From the pregame enthusiasm, the physicality in-game and three goals and 11 points in 20 games, Chris Stewart was just about everything the Minnesota Wild could have wanted for when he was added at the trade deadline in March.
Stewart fit in with his new Minnesota teammates immediately, and he added production along the way. His pregame chugging of Red Bull, locker room sprints, big smile and big personality helped keep the team loose during the Wild’s second-half run to a playoff berth.
Minnesota is left to weigh whether Stewart’s presence would be just as important in a long-term return.
While goaltender Devan Dubnyk made the biggest impact of the Wild’s midseason additions and will certainly be the focus in the offseason for general manager Chuck Fletcher, Stewart is another unrestricted free agent who is hoping to return to Minnesota.
"Hopefully there’s an opportunity for me to come back here," Stewart said after the season. "Me and my family both enjoyed our time here; thought the fit was perfect. It’s a good group of guys here. I think the future’s definitely bright here."
Stewart was energized back in a playoff race with the Wild. A year in Buffalo was tough on the big veteran forward who had played in the playoffs three of the previous four seasons in St. Louis and Colorado until the Blues sent Stewart to the Sabres in another trade-deadline move last year.
When Fletcher sent a 2017 second-round draft pick to Buffalo for Stewart, he was adding one ingredient which was missing in Minnesota. Stewart added size and a tough mindset.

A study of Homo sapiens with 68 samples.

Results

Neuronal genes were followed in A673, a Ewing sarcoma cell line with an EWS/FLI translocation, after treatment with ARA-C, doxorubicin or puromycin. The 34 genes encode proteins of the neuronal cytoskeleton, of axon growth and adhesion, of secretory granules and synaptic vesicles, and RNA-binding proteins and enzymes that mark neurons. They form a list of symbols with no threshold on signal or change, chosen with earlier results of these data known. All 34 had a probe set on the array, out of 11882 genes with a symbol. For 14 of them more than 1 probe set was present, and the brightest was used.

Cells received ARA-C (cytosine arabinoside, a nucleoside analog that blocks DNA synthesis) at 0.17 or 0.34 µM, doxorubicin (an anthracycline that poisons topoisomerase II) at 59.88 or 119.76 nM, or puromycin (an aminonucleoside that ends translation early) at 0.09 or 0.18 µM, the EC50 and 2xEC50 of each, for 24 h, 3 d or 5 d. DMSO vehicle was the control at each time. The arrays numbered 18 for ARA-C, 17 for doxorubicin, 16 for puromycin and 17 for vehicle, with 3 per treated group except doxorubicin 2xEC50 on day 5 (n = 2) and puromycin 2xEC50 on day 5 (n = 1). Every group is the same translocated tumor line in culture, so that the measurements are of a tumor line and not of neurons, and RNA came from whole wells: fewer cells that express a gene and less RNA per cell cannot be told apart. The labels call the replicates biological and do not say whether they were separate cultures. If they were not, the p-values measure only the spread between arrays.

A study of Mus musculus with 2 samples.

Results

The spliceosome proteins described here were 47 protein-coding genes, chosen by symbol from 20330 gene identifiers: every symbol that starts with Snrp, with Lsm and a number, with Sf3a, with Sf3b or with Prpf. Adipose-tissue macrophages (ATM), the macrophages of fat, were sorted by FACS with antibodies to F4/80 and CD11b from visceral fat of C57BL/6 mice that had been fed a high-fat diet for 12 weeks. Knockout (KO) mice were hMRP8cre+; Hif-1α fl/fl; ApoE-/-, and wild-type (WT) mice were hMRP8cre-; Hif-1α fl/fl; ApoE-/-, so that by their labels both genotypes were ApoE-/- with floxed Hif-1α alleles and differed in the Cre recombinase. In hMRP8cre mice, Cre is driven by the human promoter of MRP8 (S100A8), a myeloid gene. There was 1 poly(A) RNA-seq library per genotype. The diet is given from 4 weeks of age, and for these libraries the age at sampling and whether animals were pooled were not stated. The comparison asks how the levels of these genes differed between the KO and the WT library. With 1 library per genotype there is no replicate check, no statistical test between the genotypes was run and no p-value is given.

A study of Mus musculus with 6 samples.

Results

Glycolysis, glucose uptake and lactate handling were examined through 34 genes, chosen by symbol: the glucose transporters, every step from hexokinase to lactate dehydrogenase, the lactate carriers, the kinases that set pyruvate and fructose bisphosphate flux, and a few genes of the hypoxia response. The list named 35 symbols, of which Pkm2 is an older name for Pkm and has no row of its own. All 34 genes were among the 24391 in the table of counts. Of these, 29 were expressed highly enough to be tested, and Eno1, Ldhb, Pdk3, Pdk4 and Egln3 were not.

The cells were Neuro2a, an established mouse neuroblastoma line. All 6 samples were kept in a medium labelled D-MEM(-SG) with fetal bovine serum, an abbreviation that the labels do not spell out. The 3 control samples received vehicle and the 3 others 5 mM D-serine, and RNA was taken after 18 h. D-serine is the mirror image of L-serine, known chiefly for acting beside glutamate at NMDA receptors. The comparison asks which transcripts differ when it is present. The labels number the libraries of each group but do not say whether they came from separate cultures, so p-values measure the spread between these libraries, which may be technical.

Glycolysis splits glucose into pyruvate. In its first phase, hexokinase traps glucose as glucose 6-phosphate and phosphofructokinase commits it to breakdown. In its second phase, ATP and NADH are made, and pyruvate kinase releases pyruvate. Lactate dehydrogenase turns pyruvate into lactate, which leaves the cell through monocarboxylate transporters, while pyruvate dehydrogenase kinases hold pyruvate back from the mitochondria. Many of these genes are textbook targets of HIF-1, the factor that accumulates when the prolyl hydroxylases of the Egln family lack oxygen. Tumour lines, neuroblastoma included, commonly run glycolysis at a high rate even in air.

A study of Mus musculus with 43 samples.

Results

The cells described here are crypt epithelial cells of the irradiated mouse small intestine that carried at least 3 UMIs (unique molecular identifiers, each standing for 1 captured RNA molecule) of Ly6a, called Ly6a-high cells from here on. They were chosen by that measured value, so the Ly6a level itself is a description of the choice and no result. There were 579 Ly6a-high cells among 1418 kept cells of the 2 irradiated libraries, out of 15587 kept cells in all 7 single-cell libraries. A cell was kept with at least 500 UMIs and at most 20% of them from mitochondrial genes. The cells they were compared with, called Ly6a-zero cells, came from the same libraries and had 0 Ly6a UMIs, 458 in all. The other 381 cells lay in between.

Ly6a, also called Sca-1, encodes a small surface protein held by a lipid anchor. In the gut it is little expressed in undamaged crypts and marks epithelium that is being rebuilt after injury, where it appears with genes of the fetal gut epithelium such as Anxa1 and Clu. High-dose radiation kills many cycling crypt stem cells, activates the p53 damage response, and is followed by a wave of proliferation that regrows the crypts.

Not coincidentally, the player who had tallied more than 100 penalty minutes in two separate NHL seasons, dropped the gloves to protect a teammate in his fourth game with the Wild. He had three fighting majors and 25 penalty minutes in 20 regular-season games with Minnesota. Along the way, he also scored three goals, had eight assists and was a plus-4 while playing much of the time with Mikko Koivu at center.
"I think you could see he was hungry when he got in," Koivu said in April. "He was very motivated to get into our team. I think his personality, it fits well. He’s an outgoing guy. I think that always helps to get comfortable as soon as you can to the team, which is not always an easy thing to do . . . At the end it’s about the work ethic and what you’re willing to do. Playing on the same line you can see that each and every night, and as a teammate you appreciate that."
The finish, like the rest of the team, wasn’t what Stewart hoped for. He went without a goal and had two assists in eight playoff games. He tried to play through a separated shoulder before missing the final two games.
"I had nothing; it sucks," Stewart said of his shoulder after the season. "It’s just frustrating. You want to get out there, you want to help your team. Toughest job in sport is watching. It wasn’t a storybook ending, but I’m still happy with the opportunity I had here."
Stewart, a former first-round draft pick by the Colorado Avalanche, has been on four teams in seven NHL seasons. He’s twice scored more than 20 goals in a season and had 18 goals in 48 games during the 2013 lockout season.
"He’s the type of guy that certainly has a chance to be an ‘X’ factor if you want to call him that," Wild head coach Mike Yeo said of Stewart in the playoffs. "He’s a guy that has a physical edge. He’s a big body. He’s going to play the game hard. I’ve been happy with how he’s played the game systematically."
In a weak free-agent market, Stewart might have suitors. He showed well for himself at the end of the season in Minnesota, as much for his attitude as his play. But Stewart wants to return and the Wild will have to decide how much he’s worth.
Stewart waited for an uncertain future at the trade deadline when he knew his name was churning through the rumor mill. He said he’ll approach free agency in much of the same way, waiting for the possibilities.
"That’s a couple months away, I don’t really want to think about it yet," Stewart said. "There’s been a lot of hockey lately and a lot of moving. I’m just going to unwind and have some family time."